Nuclear Ban Daily, Vol. 1, No. 6
Courage and collaboration
4 April 2017
Last week was transformative. Not just in terms of banning nuclear weapons, but in terms of international relations and the United Nations more broadly.
The majority of states—more than 130—came together at the UN to start negotiating a treaty that the five permanent members of the UN Security Council (aka the P5)—and the other nuclear-armed states—do not want. This alone is transformative. It is extremely rare, if not unheard of, for anything to get done at the UN if the P5 collectively oppose it. We were told it was impossible to get traction on any issue if faced with a united front of opposition from the “powers that be,” yet we not only have traction but momentum.
In addition, throughout the week states, civil society, and international organisations engaged in interactive dialogue together, highlighting the uniquely collaborative nature of these negotiations. Civil society organisations accredited to the conference were able to give interventions on each of topics discussed by states, and on Thursday experts were invited by the President to engage informally with states to discuss some of the most critical issues under consideration.
The courage that brought states to the room to negotiate this treaty and the collaborative spirit of engaging with non-state actors have both been instrumental to the success of this initiative to ban nuclear weapons. Both courage and collaboration will remain essential ingredients to achieving success in July—which the President of the conference, Ambassador Elayne Whyte Gómez of Costa Rica, has said is “an achievable goal”.
Based on the debates last week, Ambassador Whyte will prepare a draft text for the treaty, to be circulated to participating states in the latter half of May or early June. Negotiations will resume at the UN for three weeks starting on 15 June, during which time governments will work their way through the draft text with the aim of concluding the treaty by 7 July.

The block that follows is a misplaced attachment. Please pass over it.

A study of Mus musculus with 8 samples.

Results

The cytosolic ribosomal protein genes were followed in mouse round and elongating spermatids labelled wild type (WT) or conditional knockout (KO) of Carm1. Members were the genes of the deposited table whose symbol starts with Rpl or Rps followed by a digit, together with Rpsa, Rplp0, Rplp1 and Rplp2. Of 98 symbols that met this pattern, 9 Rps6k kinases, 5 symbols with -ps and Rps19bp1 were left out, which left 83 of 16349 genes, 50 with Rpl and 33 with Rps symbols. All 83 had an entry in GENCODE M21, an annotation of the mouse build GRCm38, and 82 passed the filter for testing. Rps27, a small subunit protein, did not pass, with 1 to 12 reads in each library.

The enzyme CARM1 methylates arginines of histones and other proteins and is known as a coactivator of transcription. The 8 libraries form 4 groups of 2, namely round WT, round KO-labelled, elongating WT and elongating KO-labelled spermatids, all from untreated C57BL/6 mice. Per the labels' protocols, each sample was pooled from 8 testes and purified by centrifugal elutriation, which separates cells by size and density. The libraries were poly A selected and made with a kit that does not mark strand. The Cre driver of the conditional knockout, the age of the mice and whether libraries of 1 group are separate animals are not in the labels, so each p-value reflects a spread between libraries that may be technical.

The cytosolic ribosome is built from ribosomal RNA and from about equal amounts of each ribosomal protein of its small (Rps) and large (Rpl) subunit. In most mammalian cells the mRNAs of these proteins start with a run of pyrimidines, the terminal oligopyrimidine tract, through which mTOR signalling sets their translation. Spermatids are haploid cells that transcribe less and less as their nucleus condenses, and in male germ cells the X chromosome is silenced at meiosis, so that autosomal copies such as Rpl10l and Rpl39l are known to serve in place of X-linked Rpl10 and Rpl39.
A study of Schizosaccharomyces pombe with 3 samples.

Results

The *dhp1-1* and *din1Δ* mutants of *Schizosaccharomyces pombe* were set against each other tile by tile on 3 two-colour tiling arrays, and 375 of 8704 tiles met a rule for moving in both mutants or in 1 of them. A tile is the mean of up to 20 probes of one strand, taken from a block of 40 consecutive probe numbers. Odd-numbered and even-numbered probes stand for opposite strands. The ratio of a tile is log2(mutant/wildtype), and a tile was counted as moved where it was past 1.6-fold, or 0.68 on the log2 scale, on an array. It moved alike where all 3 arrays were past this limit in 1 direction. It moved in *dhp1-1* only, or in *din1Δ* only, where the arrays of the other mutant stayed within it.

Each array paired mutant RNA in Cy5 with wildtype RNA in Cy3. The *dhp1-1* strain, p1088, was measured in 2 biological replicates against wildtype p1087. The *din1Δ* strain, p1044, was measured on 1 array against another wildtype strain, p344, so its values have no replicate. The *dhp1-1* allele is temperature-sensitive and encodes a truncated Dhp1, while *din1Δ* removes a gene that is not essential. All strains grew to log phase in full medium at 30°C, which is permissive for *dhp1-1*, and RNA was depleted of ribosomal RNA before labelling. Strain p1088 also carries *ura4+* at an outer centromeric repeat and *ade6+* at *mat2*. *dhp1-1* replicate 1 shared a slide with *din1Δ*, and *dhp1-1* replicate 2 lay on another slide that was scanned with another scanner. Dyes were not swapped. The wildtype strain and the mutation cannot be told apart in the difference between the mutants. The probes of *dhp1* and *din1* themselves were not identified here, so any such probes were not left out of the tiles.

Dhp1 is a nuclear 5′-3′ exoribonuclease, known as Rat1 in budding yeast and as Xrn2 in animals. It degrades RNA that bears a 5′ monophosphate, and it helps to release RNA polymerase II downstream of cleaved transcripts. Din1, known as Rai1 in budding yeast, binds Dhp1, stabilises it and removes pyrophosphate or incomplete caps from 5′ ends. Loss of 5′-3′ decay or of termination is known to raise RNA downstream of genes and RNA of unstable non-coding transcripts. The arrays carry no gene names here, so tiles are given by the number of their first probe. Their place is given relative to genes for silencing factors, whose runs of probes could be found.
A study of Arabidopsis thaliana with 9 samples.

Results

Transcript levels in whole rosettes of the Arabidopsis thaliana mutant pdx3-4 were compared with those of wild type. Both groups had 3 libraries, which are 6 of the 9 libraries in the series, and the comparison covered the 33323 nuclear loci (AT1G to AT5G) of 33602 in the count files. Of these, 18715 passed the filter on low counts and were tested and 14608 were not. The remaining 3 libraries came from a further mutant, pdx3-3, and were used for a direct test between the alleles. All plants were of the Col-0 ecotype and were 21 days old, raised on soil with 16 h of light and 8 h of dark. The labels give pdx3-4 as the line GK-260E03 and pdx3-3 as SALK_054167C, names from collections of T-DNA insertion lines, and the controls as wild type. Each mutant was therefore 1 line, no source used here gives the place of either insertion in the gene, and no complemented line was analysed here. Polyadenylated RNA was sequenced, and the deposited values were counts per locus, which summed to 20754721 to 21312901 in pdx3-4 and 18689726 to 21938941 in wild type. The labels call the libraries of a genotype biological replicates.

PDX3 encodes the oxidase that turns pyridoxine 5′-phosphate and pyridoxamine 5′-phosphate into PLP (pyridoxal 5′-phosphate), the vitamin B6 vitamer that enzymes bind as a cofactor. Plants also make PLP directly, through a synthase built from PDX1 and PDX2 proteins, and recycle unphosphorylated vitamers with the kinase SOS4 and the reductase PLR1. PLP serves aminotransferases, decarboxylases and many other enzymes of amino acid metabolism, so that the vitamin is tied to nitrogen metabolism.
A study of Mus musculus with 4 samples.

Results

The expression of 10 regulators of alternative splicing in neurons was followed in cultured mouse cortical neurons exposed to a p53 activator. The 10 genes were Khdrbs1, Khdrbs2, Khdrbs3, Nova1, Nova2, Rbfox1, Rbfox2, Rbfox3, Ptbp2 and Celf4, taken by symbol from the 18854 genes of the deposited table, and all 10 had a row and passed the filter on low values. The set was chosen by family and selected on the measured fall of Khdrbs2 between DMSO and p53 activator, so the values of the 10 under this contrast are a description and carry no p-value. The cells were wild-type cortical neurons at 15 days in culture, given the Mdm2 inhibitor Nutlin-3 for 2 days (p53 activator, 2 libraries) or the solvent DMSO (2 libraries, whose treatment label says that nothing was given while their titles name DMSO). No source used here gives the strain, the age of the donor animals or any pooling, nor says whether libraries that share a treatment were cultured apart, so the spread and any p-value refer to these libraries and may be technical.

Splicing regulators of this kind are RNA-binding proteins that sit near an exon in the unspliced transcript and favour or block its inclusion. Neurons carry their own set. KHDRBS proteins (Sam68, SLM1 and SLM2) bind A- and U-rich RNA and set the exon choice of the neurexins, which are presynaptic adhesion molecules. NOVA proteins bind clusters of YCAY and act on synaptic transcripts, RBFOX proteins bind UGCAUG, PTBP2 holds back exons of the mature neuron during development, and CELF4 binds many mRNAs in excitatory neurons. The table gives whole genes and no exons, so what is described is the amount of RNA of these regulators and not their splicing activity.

This is an ambitious agenda, but with the good faith participation of states and others, it is certainly possible. There is broad agreement on most of the core prohibitions as well as the principles and objectives of the treaty. Outstanding issues include whether or not the treaty should prohibit threat of use, testing, and financing; how to best address victim and survivor rights and environmental remediation; and how to deal with stockpiling and verification. In the weeks ahead, it will be important for governments and civil society groups to work together to solve these remaining issues.
In the meantime, opposition and pressure will undoubtedly be felt from those governments that have chosen to (or been instructed to) boycott these negotiations. The stigmatisation of nuclear weapons resulting from the process to ban them is already affecting the perceived legitimacy of these states’ positions. A final treaty will present an incredible obstacle to the continued retention of these weapons of mass destruction. But states opposing this treaty and the change it represents cannot block this treaty’s adoption or its entry into force. Courage and collaboration will be key to resisting the pressure to come.
As we have said many times, the treaty to ban nuclear weapons is not an end in itself. It will be a catalyst for change, just as the process to negotiate it has been already. There is much work to be done ahead, and once the treaty is secured, there will be even more work to achieve its entry into force, its implementation, and of course, to achieve the overarching goal of nuclear disarmament and a nuclear weapon free world. But we have seen so far should give us great hope that this is possible, and that the process of banning nuclear weapons is bringing broader change to how things can be and will be done in international relations.